Sugar Not to Blame for Obesity, Says Industry Group

Sugar is being unfairly blamed for the rising rate of obesity in the U.S., says one industry group, which notes that per capita consumption has actually declined over the past decade.

Sugar is unfairly touted as a major contributor to the obesity epidemic in the United States, the head of an industry group recently argued.

President and chief executive of Sugar Association Inc., Andrew Briscoe, told Reuters Health that sugar is being positioned as a scapegoat for the country’s rising obesity rate and that most sweeteners used in beverages like soft drinks and fruit juice are actually from high fructose corn syrup (HFCS) and not sugar.

In fact, Briscoe said, average per capita sugar consumption has fallen more than 40 percent in the past 40 years, according to data from the U.S. Agriculture Department and Centers for Disease Control.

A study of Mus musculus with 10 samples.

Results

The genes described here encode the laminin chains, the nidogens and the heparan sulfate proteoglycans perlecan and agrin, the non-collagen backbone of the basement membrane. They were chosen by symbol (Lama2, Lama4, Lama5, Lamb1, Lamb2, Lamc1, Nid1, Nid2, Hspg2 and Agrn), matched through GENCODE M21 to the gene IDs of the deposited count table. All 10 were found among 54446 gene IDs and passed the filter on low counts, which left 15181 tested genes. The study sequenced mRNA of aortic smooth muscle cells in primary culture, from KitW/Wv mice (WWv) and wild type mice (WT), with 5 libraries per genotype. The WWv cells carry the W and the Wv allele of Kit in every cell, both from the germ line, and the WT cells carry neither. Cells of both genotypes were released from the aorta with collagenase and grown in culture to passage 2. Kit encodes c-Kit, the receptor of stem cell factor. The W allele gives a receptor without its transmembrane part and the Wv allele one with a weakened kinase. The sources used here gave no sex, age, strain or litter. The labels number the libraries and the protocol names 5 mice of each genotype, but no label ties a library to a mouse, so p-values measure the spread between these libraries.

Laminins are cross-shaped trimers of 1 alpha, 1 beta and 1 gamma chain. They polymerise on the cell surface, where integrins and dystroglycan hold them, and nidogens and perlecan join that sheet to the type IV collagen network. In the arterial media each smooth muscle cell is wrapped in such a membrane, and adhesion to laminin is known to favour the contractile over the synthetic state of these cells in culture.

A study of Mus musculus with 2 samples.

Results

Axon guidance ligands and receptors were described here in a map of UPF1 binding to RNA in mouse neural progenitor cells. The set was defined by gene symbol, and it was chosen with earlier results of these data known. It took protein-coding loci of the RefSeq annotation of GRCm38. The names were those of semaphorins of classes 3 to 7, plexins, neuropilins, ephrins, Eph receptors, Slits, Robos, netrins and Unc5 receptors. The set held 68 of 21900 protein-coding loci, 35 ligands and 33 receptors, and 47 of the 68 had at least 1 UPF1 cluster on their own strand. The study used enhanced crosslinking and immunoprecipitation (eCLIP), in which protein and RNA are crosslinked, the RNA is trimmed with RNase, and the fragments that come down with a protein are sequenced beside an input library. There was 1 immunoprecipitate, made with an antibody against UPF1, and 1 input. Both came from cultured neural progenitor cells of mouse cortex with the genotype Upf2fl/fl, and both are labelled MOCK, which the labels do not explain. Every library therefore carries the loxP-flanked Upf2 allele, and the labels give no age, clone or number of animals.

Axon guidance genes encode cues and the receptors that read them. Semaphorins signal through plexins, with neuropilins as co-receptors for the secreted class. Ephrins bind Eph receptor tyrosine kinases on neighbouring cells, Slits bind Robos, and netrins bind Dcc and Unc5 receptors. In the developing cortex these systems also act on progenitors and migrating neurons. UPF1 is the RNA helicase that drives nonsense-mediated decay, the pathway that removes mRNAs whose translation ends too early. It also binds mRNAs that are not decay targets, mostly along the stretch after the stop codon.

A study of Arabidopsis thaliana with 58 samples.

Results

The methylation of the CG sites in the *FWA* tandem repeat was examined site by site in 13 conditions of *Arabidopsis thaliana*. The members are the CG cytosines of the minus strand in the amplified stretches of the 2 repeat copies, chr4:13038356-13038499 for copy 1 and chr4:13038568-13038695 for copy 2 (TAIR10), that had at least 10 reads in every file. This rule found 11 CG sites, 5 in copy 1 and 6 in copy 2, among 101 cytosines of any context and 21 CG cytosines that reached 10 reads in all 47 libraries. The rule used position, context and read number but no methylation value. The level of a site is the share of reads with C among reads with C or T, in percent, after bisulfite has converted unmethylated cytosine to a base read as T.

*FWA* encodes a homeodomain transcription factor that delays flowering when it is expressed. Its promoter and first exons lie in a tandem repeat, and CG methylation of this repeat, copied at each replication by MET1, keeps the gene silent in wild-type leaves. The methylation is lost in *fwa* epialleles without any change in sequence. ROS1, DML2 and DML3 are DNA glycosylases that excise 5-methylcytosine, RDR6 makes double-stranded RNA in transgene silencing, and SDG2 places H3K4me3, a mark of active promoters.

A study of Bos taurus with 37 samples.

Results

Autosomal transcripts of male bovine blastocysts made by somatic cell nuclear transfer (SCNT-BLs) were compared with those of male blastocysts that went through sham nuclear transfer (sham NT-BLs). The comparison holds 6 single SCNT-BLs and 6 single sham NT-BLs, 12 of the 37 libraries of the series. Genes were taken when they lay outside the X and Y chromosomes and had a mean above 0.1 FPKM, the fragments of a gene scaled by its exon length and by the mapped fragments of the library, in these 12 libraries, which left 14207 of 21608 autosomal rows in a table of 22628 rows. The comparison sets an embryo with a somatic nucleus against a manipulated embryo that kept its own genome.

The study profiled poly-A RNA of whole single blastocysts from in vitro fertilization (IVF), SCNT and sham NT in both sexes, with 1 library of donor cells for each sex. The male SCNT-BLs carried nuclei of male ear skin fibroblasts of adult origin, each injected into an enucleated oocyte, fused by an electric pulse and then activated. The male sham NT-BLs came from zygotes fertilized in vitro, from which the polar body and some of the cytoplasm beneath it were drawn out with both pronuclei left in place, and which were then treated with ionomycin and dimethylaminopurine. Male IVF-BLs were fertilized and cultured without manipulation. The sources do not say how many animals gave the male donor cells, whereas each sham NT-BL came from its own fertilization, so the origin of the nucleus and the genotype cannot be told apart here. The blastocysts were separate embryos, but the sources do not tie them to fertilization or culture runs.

This comes after the recent debate from U.S. health experts who are urging the government to impose a tax on sweetened drinks to help curb the obesity epidemic. The group cited USDA figures stating that nearly 15 times more HFCS than sugar is used in soft drinks.

However, the Sugar Association claims it is not pushing the blame off on corn syrup or HFCS, because contrary to what some health advocates portray, the consumption of all sweeteners has steadily decreased over the past decade. Because of this, “The data simply doesn’t back up that caloric sweeteners are the cause for the obesity epidemic in this country,” Briscoe said.